Imitating fighters styles?

Discussion in 'Standup Technique' started by TapSD, Mar 20, 2008.

  1. TapSD

    TapSD Killer Bee....1%


    The first time I ever trained mT in Pattaya my Kru said "we have to figure out what kind of fighter you are" as in my personal style. I think every fighter has a certain style kind of as unique as a fingerprint and I think imitating a fighter instead of finding your style is a bad way to train.

    Anyone kinda agree with me?
     
  2. Iggy

    Iggy White Belt

     
  3. Soul Rebel

    Soul Rebel Guest

    I'm pretty new to Muay Thai having only trained for little over a month and I disagree with your statement. I can see why imitating Fedor and Shogun is a bad idea, they are both unorthodox fighters and compete in MMA not Muay Thai. Generally speaking their wild striking style wouldnt translate as well in a kickboxing or boxing context (Rampage has proven us wrong in the past). That said, I find myself imitating alot of the top fighters at my gym, takeing from them what works for me. IMO this method makes alot of sense.
     
  4. Curtis Gibbs

    Curtis Gibbs Amateur Fighter


    Everyone is there own individual and has there own unique points and there own weaknesses.

    Say, if I wanted to imitate Shogun's style of fighting, his build is totally different from mine, he could have a strong or weak jaw if it was strong he would most likely take more risks, fight more offencive ect, if he had a week jaw he would probobly fight more defencive, and take less risks or what ever. You're style usually corrisponds to you're strengths and weaknesses.

    Thats the way I look at it.
     
  5. Rinksterk**

    Rinksterk** Banned Banned


    For example, I try to imitate Pavlik's style of consistently pumping out the jab. There's nothing wrong with staying behind the jab. But I'm not gonna mimick his style of getting hit in order to hit. You also need to realize that some styles aren't going to work for you. A guy with a weak chin shouldn't rely on his chin like Chuck Liddell. You gotta realize your limitations. I'm not about to go around throwing triple left hooks as fast as Roy Jones, because I can't.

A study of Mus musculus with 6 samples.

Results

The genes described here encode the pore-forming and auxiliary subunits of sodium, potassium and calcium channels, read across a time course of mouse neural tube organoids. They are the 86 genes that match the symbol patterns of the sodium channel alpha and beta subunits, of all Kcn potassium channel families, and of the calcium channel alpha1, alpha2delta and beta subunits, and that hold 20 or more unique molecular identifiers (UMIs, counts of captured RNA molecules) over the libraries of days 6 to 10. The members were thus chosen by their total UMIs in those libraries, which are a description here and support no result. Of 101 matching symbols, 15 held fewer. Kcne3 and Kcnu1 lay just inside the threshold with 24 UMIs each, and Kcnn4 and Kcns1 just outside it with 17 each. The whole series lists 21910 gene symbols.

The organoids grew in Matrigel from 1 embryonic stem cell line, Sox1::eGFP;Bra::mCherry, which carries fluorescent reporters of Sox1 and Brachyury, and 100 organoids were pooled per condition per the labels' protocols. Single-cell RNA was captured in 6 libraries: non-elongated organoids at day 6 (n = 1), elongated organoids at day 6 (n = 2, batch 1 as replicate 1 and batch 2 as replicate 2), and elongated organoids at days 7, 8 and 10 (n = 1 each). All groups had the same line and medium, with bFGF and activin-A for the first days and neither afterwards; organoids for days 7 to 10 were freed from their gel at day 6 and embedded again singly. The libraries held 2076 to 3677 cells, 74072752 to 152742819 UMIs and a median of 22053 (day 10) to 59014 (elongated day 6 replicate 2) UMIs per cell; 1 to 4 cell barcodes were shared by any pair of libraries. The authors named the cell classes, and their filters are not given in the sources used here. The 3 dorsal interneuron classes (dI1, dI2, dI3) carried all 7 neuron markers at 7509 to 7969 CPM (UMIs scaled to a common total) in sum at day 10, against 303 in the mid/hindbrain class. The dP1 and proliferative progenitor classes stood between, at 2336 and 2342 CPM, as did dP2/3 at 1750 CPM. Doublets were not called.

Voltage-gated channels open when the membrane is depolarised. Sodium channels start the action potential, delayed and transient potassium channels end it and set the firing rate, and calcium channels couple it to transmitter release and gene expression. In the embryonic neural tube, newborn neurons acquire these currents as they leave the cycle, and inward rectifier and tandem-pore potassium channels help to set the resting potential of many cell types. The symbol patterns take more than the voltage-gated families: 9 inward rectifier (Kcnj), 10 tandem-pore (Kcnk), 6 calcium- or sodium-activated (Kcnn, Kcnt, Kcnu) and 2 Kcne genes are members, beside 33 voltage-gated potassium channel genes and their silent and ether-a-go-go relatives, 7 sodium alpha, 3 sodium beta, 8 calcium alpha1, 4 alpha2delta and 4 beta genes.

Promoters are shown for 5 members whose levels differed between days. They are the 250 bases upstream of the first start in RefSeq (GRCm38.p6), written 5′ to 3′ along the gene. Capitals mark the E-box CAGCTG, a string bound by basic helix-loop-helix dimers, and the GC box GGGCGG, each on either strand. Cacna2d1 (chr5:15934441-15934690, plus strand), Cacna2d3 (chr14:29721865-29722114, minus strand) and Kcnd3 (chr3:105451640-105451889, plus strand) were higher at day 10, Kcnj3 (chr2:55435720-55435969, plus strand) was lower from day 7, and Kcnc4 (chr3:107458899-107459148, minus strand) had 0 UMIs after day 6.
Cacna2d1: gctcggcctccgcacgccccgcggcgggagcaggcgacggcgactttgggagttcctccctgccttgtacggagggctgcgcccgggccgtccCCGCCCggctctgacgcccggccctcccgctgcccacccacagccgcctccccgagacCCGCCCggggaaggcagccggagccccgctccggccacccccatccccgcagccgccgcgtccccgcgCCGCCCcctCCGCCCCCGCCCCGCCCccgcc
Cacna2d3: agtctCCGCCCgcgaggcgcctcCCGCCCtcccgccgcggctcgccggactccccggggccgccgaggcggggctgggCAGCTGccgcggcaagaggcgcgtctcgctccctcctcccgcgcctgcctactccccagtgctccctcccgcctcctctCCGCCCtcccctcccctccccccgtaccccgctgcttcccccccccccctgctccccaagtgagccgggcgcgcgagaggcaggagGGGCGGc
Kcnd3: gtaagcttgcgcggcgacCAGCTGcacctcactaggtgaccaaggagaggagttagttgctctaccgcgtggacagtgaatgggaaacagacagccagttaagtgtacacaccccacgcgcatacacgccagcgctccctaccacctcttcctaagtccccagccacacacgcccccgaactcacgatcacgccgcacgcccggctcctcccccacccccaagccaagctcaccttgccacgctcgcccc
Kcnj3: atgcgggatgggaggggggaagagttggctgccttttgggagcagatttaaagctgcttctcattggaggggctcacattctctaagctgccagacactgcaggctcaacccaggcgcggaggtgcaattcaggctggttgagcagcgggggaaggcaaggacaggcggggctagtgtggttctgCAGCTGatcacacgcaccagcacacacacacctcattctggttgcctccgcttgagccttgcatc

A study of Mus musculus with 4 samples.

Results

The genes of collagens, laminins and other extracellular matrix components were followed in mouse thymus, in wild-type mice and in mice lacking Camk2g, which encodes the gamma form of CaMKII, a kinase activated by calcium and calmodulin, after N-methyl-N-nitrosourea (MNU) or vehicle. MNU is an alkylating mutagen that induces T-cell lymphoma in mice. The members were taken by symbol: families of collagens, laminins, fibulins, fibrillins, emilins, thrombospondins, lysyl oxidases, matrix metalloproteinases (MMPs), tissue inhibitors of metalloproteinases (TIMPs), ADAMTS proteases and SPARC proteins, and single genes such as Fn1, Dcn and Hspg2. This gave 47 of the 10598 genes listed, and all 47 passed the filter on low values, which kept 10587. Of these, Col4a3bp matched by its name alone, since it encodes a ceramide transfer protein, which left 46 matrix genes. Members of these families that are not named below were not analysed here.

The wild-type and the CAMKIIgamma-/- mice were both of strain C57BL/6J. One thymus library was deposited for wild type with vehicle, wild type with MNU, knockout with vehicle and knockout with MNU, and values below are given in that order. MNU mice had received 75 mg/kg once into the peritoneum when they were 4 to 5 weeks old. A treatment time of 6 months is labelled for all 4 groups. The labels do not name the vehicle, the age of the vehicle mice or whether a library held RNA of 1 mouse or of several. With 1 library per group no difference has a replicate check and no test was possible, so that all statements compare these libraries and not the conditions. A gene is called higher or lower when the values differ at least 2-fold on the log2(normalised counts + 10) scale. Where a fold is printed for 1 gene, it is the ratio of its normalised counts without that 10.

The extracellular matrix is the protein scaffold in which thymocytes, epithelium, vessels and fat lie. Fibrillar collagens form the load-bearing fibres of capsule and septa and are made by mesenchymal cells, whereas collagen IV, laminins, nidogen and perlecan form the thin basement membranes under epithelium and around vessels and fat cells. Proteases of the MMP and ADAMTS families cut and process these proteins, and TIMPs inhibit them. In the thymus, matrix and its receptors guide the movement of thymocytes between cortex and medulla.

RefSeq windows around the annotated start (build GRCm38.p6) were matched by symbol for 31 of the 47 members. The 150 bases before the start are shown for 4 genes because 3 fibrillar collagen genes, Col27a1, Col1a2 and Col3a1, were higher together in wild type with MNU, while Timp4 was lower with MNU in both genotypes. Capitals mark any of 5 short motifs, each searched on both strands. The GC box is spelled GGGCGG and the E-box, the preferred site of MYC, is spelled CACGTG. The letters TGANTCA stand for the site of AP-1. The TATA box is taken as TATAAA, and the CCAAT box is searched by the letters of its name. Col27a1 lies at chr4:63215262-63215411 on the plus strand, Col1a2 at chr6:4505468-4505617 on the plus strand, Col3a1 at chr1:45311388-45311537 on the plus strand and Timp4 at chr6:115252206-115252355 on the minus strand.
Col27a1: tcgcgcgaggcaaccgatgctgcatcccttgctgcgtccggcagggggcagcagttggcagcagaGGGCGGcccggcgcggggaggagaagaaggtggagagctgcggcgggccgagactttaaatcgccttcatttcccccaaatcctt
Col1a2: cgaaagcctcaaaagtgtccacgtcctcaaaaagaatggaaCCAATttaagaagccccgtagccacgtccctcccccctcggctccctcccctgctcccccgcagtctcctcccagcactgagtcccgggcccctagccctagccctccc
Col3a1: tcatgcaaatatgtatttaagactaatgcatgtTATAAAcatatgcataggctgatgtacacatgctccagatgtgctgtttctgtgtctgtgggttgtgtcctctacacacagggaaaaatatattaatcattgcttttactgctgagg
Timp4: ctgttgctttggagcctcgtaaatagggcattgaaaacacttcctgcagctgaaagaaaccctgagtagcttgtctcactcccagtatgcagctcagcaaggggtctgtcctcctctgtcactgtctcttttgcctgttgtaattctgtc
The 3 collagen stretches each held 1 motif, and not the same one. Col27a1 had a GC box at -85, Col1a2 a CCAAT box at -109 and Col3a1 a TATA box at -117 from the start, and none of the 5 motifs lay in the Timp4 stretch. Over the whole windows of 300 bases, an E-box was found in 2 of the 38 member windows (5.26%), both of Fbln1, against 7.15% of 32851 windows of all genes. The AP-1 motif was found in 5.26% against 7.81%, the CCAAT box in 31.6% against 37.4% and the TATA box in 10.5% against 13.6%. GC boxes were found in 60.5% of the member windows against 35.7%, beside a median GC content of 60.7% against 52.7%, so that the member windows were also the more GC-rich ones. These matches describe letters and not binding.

6. MuayFC

    MuayFC White Belt

     
  7. hulkout

    hulkout White Belt

     
  8. rupy

    rupy Orange Belt


    That being said watching the "tricks" and simple techniques fighters use and adding it to your arsenal is a great idea I find.
     
  9. Curtis Gibbs

    Curtis Gibbs Amateur Fighter

     
  10. Gavin Smith

    Gavin Smith Amateur Fighter

    Trying to be something you're not will only hold you back
     
  11. TapSD

    TapSD Killer Bee....1%

     
  12. Nefron

    Nefron Purple Belt

    On the other hand i tryed to imitate Cro Cop and got my ass kicked.
     
  13. pamirec

    pamirec Black Belt

     
  14. Chonbody

    Chonbody Guest

    I kinda don't understand what some of you fools are saying, play to your strengths and define your own style (always work on your weaknesses as well), throw in a few tricks from those MMA youtube videos you watch but most importantly, train.
     
  15. GlassJaw

    GlassJaw SBC hustler.


    Example:Now my jab might be more of a space marker/distraction than a blitz like Ike Quarteys, but training his stutter step technique has helped with my consistency greatly.
     
  16. sourskittle

    sourskittle White Belt


    Or if your a wrestler, your going to shoot :icon_chee

    Funny I came across this after thinking, " I'd like to strike like Rich Franklen ". ( Save the silva jokes, I'm not built like silva )
     
  17. Vector_X

    Vector_X Brown Belt

     
  18. Volund

    Volund Mighty Healthy


    I love using uppercuts. But I never really knew when to use them. I've started watching more of Masato's fights, and he strings them into combinations very smoothly. So I study his combos and set ups and try to use them to improve my own game.
     
  19. NoviVavilon

    NoviVavilon Orange Belt

     
  20. icyblue17

    icyblue17 Orange Belt


    I live in the Philippines and I see a lot of Muay Thai fighters imitating Pacman and they always got their ass kicked. Not to mention looking very silly.

    Maybe getting 2 or 3 combinations from a fighter then mixing it up with some combinations from other fighter MAY be a good idea if you mix it correctly.